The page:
SE ridge and NW trend cause major snowfall busts in Midwest storm

I have noted many times in this blog over the past year that the models have consistently done a poor job in capturing the strength of the SE ridge and its role in deflecting storms to the northwest of where models predict. This phenomenon happened yet again Thursday/Friday as the surface low from the potent Midwest storm tracked a couple of hundred miles northwest of the track predicted by both the GFS and NAM.

NWS offices in central IN, northern IN, and central IL predicted an 8-15 inch snowstorm for those regions with the heaviest snow on an axis running through Lafayette, IN and into SE Michigan. The end result was that central IN, including Indianapolis received an inch of slush while northern IN and central IL received about 5-7 inches of snow. The heaviest snowfall totals occurred in the western suburbs of Illinois, where 8-12 inches of snow was common.

It is always fun to read the newspaper articles that always follow a busted forecast to see who gets the blame. See if you can find the faulty logic from this article from the Indianapolis Star…

The storm system that was supposed to dump 6 to 8 inches of snow on the area instead left a little more than an inch of slush — enough to make roads slippery but nothing that required plowing heroics. A low pressure system that was supposed to cross the state near the Ohio River shifted north and shoved the major snowfall away from Central Indiana. “The 6 to 8 inches we were supposed to get ended up being 100 miles farther north,” said Logan Johnson, a meteorologist with the National Weather Service in Indianapolis. Weather service forecaster Michael Koch said thunderstorms in the Gulf states walled off the moisture that could have fallen here as snow. Winter storms are hard to predict because the storm track decides the intensity of the snow, he said.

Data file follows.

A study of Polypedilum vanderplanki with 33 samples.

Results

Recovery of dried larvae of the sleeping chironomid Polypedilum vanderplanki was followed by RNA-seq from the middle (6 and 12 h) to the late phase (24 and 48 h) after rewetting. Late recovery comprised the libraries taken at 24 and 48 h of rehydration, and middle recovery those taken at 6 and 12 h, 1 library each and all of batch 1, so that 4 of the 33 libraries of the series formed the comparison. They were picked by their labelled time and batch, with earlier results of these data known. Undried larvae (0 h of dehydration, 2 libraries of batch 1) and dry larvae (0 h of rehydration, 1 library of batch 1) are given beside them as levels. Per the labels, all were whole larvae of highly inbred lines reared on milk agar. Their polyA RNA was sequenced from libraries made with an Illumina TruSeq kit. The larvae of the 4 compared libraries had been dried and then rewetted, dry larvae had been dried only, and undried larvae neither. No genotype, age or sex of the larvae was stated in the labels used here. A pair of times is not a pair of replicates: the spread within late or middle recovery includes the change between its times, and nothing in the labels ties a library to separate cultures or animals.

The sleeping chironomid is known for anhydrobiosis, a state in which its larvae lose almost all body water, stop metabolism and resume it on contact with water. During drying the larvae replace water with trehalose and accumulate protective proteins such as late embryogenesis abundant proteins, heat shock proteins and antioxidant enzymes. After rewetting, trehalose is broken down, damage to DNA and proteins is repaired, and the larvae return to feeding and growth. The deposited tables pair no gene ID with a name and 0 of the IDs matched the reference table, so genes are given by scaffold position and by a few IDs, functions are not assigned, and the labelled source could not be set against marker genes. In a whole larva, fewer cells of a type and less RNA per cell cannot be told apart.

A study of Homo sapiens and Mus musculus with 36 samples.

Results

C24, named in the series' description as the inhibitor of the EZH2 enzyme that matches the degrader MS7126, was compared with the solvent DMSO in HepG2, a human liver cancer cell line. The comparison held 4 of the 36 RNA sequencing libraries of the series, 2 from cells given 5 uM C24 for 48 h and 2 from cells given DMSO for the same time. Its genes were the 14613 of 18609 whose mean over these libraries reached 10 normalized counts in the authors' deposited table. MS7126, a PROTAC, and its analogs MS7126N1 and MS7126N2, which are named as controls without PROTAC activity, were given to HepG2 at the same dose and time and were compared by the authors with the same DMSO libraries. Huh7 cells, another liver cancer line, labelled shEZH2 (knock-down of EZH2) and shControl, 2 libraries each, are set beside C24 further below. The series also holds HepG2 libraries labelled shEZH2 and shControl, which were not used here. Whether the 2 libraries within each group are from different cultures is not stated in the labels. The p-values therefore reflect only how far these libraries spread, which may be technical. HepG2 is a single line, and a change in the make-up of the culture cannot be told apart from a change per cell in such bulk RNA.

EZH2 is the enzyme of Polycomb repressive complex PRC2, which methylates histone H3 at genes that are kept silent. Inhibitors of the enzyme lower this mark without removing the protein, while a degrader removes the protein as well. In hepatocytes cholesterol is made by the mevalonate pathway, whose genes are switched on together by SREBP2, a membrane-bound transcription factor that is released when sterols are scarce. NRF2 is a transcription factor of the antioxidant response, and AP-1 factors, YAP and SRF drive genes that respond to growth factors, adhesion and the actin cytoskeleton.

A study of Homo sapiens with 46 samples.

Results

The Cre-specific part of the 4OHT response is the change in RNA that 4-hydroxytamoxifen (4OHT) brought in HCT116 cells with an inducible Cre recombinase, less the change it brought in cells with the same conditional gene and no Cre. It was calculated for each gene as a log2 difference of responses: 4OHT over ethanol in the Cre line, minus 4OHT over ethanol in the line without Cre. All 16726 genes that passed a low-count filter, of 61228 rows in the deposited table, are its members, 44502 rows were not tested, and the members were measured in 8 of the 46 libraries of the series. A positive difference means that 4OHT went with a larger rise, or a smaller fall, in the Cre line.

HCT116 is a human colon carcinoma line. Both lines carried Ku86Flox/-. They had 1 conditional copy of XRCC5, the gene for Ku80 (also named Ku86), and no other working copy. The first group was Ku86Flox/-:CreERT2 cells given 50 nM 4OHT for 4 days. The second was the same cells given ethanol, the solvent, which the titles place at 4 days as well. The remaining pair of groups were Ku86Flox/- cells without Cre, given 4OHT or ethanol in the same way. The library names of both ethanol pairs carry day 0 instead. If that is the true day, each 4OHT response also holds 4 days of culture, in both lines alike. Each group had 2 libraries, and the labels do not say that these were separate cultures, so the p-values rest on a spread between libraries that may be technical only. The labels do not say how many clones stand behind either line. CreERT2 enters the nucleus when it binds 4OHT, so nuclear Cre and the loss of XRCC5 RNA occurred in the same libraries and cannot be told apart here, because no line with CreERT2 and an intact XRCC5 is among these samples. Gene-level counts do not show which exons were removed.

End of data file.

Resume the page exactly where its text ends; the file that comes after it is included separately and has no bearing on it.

I suppose it is bad PR for an NWS forecaster to say that NOAA computer models botched the forecast, so instead thunderstorms in the Gulf states got the blame. But if thunderstorms down south took away all the moisture, then why did the heaviest snow occur 100 miles farther north? If the thunderstorms were truly to blame, then why did Chicago get 8-12″ of snow?

Even the Louisville NWS office was duped by the GFS. They issued a winter weather advisory for northern KY that predicted 0.1 – 0.3 inch freezing rain accumulations overnight on Thursday with temperatures below freezing. Instead, as the storm tracked farther NW, temperatures in Louisville rose to the lower 40s with a steady rain.

As I have said before in this blog, the SE ridge, which has been responsible in part for the mostly snowless winters in the Mid-South for the past two winters, the drought of 2007, and the August 2007 heatwave, is the meteorological equivalent of the New England Patriots. And just like it is foolish to bet against the undefeated Patriots, I will always bet on the SE ridge to have the final say in any storm that ejects out of the Southwest. Until, the SE ridge is beaten, all forecasters should consider its impact on shortwaves and expect storms to end up NW of model projections, even if the storm less than a day away.